UC art professor and photographer discusses his newest work.
Remember the black holes in Looney Tunes cartoons that led nowhere and everywhere? Cincinnati artist Jordan Tate puts viewers up close to one.
There's more to the story when you become an Insider. WCPO Insider's membership is an additional benefit on top of everything you can get for free on WCPO.com. We created an entire digital organization dedicated to bringing you exclusive access to in-depth stories that you can’t get anywhere else, handpicked events, and incredible savings on things you love to do. To find out more click here.
CINCINNATI -- Unlike most artists, Jordan Tate cares more about triggering reactions in viewers than he does about the objects he creates.
Raised in Cincinnati and now an assistant professor of photography at the University of Cincinnati, Tate devotes his parallel careers in art and academia to shaping “how we come to understand the world.”
“For me, photography is more of a metaphor and way of thinking than of capturing light onto film with a camera,” he said. “I think about what the photograph does and acts upon us and how we relate to the photograph more than what’s represented in the image.”
That plays out in Tate’s newest work, an installation titled “Superblack,” for the Transformer Station in Cleveland centered on a one-foot-squared box and a five-inch hole cut into one side. Inside the box are sheets of carbon nanotubes developed by NASA—the blackest substance known to man, Tate said, and far lighter yet stronger than steel. The material is composed of fibers so fragile that anything coming into contact with them depresses and crushes them, resulting in reflections that destroy the purity of black.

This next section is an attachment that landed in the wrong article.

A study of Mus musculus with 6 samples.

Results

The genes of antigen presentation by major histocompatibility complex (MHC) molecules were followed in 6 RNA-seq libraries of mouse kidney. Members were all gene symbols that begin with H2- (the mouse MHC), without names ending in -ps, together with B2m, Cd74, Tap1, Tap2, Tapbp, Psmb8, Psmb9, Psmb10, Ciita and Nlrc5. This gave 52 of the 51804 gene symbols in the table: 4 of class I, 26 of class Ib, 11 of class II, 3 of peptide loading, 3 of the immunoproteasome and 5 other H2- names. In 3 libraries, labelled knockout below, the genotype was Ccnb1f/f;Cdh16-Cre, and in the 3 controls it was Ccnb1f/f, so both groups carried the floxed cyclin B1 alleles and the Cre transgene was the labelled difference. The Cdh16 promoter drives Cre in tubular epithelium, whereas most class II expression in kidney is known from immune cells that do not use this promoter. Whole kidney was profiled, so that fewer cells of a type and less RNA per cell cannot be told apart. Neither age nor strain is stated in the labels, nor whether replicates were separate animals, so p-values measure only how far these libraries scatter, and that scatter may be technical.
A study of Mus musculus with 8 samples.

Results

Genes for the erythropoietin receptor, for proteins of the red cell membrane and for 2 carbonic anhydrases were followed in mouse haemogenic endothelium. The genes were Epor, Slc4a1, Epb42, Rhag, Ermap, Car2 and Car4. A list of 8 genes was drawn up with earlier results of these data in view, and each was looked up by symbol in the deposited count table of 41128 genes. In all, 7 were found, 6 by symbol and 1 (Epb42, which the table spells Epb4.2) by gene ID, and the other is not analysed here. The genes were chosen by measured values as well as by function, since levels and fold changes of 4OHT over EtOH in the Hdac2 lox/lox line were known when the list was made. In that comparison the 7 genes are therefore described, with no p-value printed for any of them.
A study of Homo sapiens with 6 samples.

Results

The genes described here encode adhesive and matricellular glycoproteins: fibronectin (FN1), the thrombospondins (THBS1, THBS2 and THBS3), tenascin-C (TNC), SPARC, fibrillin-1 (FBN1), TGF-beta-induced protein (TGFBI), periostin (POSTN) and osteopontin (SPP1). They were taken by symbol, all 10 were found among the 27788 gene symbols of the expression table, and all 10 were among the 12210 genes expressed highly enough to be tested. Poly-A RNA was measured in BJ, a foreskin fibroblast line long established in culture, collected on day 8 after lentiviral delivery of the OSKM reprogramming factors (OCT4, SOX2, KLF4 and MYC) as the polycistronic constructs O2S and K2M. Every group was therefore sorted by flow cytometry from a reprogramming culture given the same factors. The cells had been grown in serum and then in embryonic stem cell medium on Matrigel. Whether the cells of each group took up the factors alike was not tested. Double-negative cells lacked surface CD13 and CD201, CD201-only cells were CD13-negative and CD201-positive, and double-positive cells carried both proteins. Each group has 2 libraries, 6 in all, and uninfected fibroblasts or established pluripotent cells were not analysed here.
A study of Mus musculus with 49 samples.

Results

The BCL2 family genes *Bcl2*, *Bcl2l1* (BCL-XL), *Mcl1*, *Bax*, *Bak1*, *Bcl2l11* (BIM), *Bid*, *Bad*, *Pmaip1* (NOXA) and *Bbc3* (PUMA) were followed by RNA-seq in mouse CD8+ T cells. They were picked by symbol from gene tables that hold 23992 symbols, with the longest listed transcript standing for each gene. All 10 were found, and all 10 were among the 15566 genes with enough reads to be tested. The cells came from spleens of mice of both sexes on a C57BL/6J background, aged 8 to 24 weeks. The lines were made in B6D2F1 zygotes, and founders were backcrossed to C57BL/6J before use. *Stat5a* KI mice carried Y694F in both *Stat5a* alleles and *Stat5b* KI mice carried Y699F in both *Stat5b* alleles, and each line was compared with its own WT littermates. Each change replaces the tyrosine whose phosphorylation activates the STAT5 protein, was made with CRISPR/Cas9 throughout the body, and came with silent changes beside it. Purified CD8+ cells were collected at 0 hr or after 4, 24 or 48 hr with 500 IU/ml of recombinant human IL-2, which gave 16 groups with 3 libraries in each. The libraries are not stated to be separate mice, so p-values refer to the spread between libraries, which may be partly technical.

The work has only a glancing connection to what is perhaps Tate's best known work, t he 2010 book "The Contemporary Dictionary of Sexual Euphemisms." There, too, Tate marries research with the desire to exercise the minds of his viewers. “I became obsessed with this idea of perception and the effects of perception and grounding, and then I heard about physicists creating the darkest material known to mankind,” Tate said in explaining the roots of "Superblack."
“I was really interested in what would happen when I gazed into that darkness and what my eyes would do, and to see what would happen when you place that darkness within your normal field of vision.”
Unless you’re headed to Cleveland for the March 28 opening or before the exhibition closes in mid-June, this video gives you the closest glimpse of what it means to stare into true black.
Here, Tate talks about the art and science behind his work.